By Chris De La Rosa
PRIDE Cuisine Specialist
No joke.. I disliked roast (grilled) corn as a boy on the islands and even today it’s not something I automatically prepare when sweet corn is in season here in Ontario. I absolutely hate the kernels getting stuck between my teeth! However, you can feed me boiled corn (naked.. no butter or salt) everyday and I’ll be happy. The joy of those sweet kernels popping as you bite down on the cob takes me back to days when my brother and I would countdown the days to harvest. Back then it was common for people (who lived in the country-side) to have a plot of land where they planted a lot of the vegetables they ate. We always had corn, pigeon peas, cassava, scotch bonnet peppers, eggplant, okra, pumpkin, eddoes.. well you see where I’m going with this list.
Though it wasn’t the tender sweet corn as you get in North America, we always got to the corns before they got overly mature so we could have sweet and tender corn on the cob when boiled.
1/2 cup cheddar (grated)
1/4 olive oil
3 table spoon lime juice
1/4 scotch bonnet pepper
2 garlic cloves
1/4 teaspoon pepper
6 corn (sweet corn)
1/2 tablespoon olive oil (brush corn before grilling)
2 bell peppers (I used red and orange for added contrast)
Brush the corn with olive oil or any oil you like using and place then on a hot grill (I did mine on charcoal). There’s no need to brush the bell peppers with any oil as we want them to char to the point where the outer skin will be easy to remove. By grilling both the corn and peppers they will become even more sweet and take on a lovely overall flavor. Remember to rotate them as they grill and be prepared to hear the corn popping as they cook.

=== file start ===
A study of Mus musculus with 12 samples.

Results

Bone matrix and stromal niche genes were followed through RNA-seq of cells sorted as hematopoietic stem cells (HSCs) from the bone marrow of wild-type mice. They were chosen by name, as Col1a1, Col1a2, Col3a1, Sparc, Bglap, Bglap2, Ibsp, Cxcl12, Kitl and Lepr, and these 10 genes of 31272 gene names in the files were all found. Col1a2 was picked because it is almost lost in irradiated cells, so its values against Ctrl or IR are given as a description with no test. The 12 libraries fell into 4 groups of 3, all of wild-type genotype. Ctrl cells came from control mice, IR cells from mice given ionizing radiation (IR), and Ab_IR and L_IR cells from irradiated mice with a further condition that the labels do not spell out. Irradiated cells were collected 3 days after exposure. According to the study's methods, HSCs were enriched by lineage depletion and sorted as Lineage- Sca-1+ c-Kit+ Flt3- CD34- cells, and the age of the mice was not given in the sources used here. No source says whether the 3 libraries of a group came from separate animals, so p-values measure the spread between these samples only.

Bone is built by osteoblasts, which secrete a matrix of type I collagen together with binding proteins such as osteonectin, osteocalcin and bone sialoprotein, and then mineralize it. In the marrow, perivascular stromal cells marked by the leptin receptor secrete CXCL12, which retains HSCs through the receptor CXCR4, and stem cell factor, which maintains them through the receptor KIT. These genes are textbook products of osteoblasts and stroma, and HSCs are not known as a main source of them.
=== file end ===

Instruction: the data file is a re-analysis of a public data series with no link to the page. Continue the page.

As they grill, lets prepare the zesty cheddar dressing. You’ll need a blender or a magic bullet as I did. Grate the cheese and finely chop the scotch bonnet pepper before adding to the blender. Remember to wear gloves when handling such peppers and do remember to wash your hands with soap and water immediately after handling. Place all the ingredients into the blender and puree to a somewhat smooth and creamy consistency.
Immediately after you remove the peppers off the grill, I would recommend placing them on a dish and wrapping the dish in plastic wrap. The residual heat will cause them to steam and make removing the charred skin easy to remove.
TIP! To prevent the corn kernels from scattering on your counter when you remove them off the cob, I like placing an inverted (small) bowl inside a larger bowl. So I can stand the corn up on the small bowl and as I cut the kernels off, they will fall into the large bowl.
Time to prep the peppers… using your hands, a knife or paper towels, gently scrape the charred skin off the peppers. Then cut open, remove the stems and seeds (discard). Now cut into 1/4 inch pieces and add to the bowl with the corn. Chop the scallions and also add them to the bowl.
Top with the dressing (remember to stir the dressing if its been sitting around for long) and give everything a good toss. Serve immediately (love it warm) or store in the fridge. Remember there’s cheese in the dressing, so be sure to keep it out of the sun (if serving outdoors).
If you have a weakness for roast corn and cheese like our dad you’ll love this dish and it’s the only way I would now eat roast (grilled) corn.
This recipe is courtesy of Gourmand Award winning cookbook author and founder of CaribbeanPot.com, Chris De La Rosa. With over 450 printable recipes with step by step cooking instructions and demo videos, PLUS over 1 million social/fan connections globally every month, CaribbeanPot.com is the world’s #1 resource of Caribbean Culinary Culture. Connect with Chis on Instagram: www.instagram.com/caribbeanpot/.